I enjoy simple things that can make a big difference. One of those simple things that Brooke and I have been focusing on in the past few years are what I like to call "slow hobbies." Now, a slow hobby is pretty self-explanatory, it's something that you do for enjoyment that takes a fair amount of time. For example, my most recent slow hobby is going on a morning walk with one or both of my girls. I'll spend about an hour walking with them in a stroller, with no goal of fitness, purpose or to get something done.
In the fall, I will add back in another slow hobby of mine - baking bread by hand (it just makes our house too warm in the summer!). You legit have to wait for the dough to rise. It doesn't get much slower than that. I've also done a lot of painting this summer, not art, but I painted two different deck railings and our garage. These are slow hobbies. Brooke likes to go thrifting, which consists of slowing perusing aisle after aisle in hopes to find one tiny little thing that is usually 75 cents.
Unfortunately, in our culture, we've replaced slow hobbies with idle distraction. We've decided that instead of going for a stroll, we will stroll through Instagram for 30 minutes. Instead of waiting for the bread to rise, we will pick it up on the way home after taking this kid to this thing and that kid to that thing. And instead of enjoying the hunt of a unique find, we will order it on Amazon because we need it NOW!
Some of this is out of convenience which I understand entirely, but I think some of the time it's because we've forgotten about what we enjoy doing because we spend too much time distracted on devices. The desire to always know what's going out there in the world has replaced our ability to figure out what we really desire in our own hearts. Honestly, I was at one point, probably one of the worst offenders. I spent hours on my phone, and if you had asked me at the end of the day what I did, I probably wouldn't be able to recollect much because the truth was I was distracting myself.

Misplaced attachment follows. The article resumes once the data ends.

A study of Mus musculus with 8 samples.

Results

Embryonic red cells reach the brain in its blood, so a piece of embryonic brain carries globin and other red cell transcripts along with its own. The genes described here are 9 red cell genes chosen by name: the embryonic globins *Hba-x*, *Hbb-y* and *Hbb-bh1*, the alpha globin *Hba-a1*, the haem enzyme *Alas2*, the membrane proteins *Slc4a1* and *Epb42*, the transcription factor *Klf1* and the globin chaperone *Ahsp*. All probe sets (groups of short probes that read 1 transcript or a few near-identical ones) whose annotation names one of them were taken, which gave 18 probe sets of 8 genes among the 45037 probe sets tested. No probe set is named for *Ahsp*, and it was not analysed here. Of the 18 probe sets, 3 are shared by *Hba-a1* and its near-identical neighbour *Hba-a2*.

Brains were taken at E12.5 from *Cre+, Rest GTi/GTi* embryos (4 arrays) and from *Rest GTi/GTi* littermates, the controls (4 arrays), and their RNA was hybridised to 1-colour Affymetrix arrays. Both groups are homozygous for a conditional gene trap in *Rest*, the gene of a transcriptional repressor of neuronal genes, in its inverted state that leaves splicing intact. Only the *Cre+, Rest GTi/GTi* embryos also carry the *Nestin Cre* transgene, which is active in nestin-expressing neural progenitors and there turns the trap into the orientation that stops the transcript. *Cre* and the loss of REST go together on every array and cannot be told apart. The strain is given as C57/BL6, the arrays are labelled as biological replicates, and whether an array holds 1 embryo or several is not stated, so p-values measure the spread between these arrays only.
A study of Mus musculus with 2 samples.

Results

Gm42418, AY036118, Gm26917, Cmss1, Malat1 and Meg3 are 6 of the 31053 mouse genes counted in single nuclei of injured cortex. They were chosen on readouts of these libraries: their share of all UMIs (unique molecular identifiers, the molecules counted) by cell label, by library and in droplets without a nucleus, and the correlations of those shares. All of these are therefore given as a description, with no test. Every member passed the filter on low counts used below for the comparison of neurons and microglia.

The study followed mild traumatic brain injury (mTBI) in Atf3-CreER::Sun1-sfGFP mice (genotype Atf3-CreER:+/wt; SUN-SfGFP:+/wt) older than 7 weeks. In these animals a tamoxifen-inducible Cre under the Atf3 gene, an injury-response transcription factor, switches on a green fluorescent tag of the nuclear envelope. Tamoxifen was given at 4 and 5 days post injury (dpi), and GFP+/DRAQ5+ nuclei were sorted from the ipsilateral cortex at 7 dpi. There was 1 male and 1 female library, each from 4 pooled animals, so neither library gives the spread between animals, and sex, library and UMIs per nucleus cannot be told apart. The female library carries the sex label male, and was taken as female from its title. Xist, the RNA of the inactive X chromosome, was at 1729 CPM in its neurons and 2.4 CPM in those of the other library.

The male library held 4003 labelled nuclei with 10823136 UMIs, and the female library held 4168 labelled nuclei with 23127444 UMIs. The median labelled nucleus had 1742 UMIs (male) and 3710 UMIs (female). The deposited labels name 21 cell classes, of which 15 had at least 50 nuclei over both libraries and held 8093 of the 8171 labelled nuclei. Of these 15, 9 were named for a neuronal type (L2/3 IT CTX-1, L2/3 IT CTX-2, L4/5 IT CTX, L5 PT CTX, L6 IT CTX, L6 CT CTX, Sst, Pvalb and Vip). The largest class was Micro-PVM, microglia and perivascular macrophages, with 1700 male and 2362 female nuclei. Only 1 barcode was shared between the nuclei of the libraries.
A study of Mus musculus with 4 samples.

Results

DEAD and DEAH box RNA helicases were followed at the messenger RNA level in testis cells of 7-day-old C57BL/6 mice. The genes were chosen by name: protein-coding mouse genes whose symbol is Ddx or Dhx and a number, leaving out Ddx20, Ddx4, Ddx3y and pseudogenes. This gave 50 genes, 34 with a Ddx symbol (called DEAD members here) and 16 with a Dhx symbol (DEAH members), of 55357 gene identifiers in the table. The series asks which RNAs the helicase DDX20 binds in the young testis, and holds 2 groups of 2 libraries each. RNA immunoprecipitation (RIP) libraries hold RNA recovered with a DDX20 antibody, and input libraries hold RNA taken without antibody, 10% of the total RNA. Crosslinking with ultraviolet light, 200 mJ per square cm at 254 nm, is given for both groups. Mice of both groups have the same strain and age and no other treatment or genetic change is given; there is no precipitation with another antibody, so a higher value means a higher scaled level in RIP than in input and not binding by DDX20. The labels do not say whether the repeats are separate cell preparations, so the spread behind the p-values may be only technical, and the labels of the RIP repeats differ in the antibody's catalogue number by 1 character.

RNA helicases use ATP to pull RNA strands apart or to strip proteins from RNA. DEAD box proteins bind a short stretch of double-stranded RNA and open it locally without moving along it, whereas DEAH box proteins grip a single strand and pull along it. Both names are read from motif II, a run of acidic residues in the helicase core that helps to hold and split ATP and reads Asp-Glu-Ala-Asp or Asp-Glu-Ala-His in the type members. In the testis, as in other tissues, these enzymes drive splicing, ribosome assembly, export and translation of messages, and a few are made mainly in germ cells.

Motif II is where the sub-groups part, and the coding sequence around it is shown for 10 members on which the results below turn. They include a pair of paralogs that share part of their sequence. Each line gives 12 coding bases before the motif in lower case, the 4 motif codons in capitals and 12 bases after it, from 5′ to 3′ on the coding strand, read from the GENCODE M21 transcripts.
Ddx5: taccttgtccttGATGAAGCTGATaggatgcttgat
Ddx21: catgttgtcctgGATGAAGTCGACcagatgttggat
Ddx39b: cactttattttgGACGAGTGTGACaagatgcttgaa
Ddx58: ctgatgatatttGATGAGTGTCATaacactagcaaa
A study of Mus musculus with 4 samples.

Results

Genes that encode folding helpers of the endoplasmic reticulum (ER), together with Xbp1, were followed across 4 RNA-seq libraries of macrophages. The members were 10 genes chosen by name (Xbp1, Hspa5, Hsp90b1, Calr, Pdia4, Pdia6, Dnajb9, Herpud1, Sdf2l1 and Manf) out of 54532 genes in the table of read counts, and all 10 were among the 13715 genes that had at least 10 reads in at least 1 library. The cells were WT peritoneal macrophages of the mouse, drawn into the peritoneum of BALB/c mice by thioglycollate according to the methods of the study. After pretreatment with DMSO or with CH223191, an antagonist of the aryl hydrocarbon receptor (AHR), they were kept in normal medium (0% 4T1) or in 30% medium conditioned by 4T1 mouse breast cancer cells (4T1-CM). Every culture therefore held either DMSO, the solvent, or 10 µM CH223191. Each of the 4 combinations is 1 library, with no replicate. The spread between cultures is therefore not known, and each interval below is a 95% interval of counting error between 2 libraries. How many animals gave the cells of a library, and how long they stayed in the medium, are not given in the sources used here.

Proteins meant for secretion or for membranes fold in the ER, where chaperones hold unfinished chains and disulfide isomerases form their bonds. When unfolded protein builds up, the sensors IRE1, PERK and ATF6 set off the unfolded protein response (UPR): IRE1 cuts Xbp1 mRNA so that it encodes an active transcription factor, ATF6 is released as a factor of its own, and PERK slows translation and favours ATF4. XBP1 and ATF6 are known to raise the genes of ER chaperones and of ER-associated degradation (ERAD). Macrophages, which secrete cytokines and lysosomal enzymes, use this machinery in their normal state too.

After watching a food documentary years ago, I told Brooke I wanted to start baking bread. As I learned to bake bread (my first loaf was more of a brick), I realized how long it took, and it was through that process, by default, that I was on a device less. On days I baked, Brooke noticed that my mood would improve and I noticed I was less anxious, stressed and probably less of a donkey to Brooke if you are picking up what I am putting down.
Today I 've added a few slow hobbies to my life, most of which I don't even share about because they are mine and mine alone. They are the quiet moments in my life where I find peace and refreshment in a world that is fast-paced and always "on". The thing is, we don't always have to be plugged in, regardless of what that little device makes us feel at times. We can find, and then choose the things that purposefully slow us down to give our hearts and souls room to breathe and find peace. Paint, write, draw, widdle, churn butter, bake bread, thrift, go on walks. Find a slow hobby to give your soul rest and your mind time to think. And after you find that first slow hobby, find another. And another. And savor every single one of them fully knowing that when life is fast, you will have that purposeful balance to give you peace and slow you down.